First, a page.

Norman Finkelstein, the controversial DePaul University professor who says Israel capitalizes from the Holocaust, accused the country of abusing human rights and defended former President Jimmy Carter's recent book Tuesday in Rapaporte Treasure Hall.
Finkelstein was the second Middle East speaker to appear at the University in two days, following the conservative Middle East scholar Daniel Pipes last Monday on the "Islamization of Europe."
Both speakers have been the subject of much debate over the nature of campus dialogue about the Middle East, an issue that took center stage this semester after Carter's high-profile visit to campus in January. The debate has led both the administration and the Student Union to form committees and issue requests in an attempt to manage the invitations of high-profile speakers.
Finkelstein's speech, which drew over 100 people from the Brandeis community and the surrounding area, was especially controversial during the last few months, both because of Finkelstein's views and because of the confusion surrounding what committee would approve the event and which clubs would sponsor it. The event was eventually sponsored by the Arab Culture Club and the World Can't Wait Club.
A few dozen protesters expressed their displeasure over Finkelstein's appearance but dissipated before he began his speech.
Finkelstein began by saying that "the vast preponderance swirling around the Israel-Palestine conflict is contrived" in order to deflect criticism from Israel's human-rights abuses.
Some of Finkelstein's opinions were: that Israel must return to its pre-1967 borders and relinquish its settlements in Gaza and the West Bank; that Israel, with a much stronger military, has more responsibility than the Palestinian Hamas party to stop the conflict; and that by claiming the Jews suffered uniquely during the Holocaust, one legitimizes the idea that Israel should not be held to the same standards as other countries regarding human-rights issues.
Finkelstein also criticized University President Jehuda Reinharz for what he viewed as Reinharz's making Carter's visit conditional on his debating Harvard law professor Alan Dershowitz.
"Of all the possible people, a distinguished faculty, with so many programs the only person he can think to debate Jimmy Carter is Alan Dershowitz?" asked Finkelstein. "It shows … what complete and utter contempt [Reinharz] has" for his field and for professors at Brandeis.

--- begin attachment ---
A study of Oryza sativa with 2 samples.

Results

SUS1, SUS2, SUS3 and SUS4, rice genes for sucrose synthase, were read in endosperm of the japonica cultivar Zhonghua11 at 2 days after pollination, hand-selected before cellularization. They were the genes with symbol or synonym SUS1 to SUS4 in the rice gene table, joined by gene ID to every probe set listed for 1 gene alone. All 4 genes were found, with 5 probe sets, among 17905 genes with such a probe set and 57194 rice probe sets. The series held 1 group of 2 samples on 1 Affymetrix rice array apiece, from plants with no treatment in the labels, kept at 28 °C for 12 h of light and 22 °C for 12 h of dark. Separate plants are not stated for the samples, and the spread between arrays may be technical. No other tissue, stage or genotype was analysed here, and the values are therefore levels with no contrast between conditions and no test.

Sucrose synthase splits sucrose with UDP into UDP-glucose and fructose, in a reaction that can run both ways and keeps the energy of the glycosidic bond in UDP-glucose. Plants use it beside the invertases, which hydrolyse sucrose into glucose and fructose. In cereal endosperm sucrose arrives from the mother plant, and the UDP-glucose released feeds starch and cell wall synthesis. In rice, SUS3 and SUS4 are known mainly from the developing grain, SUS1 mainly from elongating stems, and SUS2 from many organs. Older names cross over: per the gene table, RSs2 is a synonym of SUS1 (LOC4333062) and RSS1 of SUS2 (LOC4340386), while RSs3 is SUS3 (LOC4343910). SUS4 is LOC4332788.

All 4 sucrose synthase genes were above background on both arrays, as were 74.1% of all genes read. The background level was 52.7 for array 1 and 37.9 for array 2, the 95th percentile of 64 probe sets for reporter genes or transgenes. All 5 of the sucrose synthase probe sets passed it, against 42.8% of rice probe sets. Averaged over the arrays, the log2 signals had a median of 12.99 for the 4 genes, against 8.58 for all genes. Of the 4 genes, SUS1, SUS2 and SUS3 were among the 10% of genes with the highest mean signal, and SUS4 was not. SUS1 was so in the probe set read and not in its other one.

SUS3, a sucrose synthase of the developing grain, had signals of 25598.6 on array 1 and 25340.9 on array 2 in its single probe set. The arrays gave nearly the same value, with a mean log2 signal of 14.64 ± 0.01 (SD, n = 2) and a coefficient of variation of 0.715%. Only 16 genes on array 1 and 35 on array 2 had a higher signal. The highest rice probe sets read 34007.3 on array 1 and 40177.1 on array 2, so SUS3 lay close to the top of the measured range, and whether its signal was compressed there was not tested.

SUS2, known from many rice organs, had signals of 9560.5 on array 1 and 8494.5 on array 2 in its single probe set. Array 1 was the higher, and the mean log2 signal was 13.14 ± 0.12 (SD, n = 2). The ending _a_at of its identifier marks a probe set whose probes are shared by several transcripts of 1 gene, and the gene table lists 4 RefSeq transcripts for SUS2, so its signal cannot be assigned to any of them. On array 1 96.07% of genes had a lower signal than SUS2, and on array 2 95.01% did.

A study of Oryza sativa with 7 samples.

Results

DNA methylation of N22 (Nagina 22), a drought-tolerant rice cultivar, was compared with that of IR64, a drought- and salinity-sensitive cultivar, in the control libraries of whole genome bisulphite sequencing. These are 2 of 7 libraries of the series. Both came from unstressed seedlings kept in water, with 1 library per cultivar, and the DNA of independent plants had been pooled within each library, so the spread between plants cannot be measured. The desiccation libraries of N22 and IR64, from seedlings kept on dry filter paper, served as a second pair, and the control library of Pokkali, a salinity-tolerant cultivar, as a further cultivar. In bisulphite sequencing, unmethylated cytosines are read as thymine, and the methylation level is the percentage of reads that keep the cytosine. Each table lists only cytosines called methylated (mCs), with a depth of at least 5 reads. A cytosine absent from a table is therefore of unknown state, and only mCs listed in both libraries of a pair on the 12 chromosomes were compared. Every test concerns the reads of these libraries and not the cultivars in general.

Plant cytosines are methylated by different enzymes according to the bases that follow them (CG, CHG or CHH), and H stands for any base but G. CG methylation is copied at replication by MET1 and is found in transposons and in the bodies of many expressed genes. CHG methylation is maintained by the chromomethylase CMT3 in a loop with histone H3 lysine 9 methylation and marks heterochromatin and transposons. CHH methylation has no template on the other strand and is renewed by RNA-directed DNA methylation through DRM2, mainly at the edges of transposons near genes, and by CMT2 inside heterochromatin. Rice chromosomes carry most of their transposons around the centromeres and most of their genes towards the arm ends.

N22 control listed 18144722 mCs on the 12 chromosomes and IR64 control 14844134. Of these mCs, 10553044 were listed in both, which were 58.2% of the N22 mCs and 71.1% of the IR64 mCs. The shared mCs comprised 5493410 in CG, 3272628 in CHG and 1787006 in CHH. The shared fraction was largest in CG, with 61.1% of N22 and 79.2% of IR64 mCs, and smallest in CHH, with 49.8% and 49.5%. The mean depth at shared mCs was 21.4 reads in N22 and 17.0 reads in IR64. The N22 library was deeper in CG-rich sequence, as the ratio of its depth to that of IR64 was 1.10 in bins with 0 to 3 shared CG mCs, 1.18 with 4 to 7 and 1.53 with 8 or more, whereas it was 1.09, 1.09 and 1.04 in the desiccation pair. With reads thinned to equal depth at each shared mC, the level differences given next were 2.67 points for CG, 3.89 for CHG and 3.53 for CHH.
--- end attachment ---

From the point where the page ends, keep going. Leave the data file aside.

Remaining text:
As Finkelstein ended his speech, he said, "If you learn how to wield the weapons of truth and justice I remain convinced that we can win, that we can achieve a just and lasting peace for Israel and Palestine."
The question-and-answer session, which followed Finkelstein's speech, began with Seva Brodsky from Somerville asked, "Do you hate your parents? How long have you hated Israel?"
When asked about Hamas' duty to recognize Israel's legitimacy, Finkelstein responded: "Do you really expect that Palestinians would acknowledge the legitimacy of their ethnic cleansing? That doesn't make sense to me."
Harvard research fellow Sarah Roy, who introduced Finkelstein, began the event by saying, "Dissent is often seen as a form of betrayal," and that Finkelstein provides "a different Jewish voice" regarding the Arab-Israeli conflict.
After the event, some students felt unsatisfied with Finkelstein's speech. "It was an interesting tactic to speak for three hours and divert every question," said Rachel Lewis '09. She added, however, that it is important to listen to all opinions, even those with which one might disagree.
Others disagreed with Lewis, however. "The way he carried himself added to the dignity of his points and what was really important to the discourse," Alex Ball '09 said.
He added that it seemed many students came in with their own preconceptions about Finkelstein's views. "When he was making a point, people were speaking with their neighbors about it," and people were "looking to find errors," he said.
Kevin Montgomery '07, who advised the organizers of the event, said it was important that Finkelstein come and speak. He added that these types of speeches "will define Brandeis and the future" and will give a "broader spectrum of views."
Assistant Dean of Student Life Jamele Adams said "the event was a demonstration of the varying degrees of opinion" regarding Israel.
"I think public debate at a university is great. I would have liked for there to be more time to have debate … I don't know if students were satisfied at the answers that they got," he said.
-Shana D. Lebowitz contributed reporting.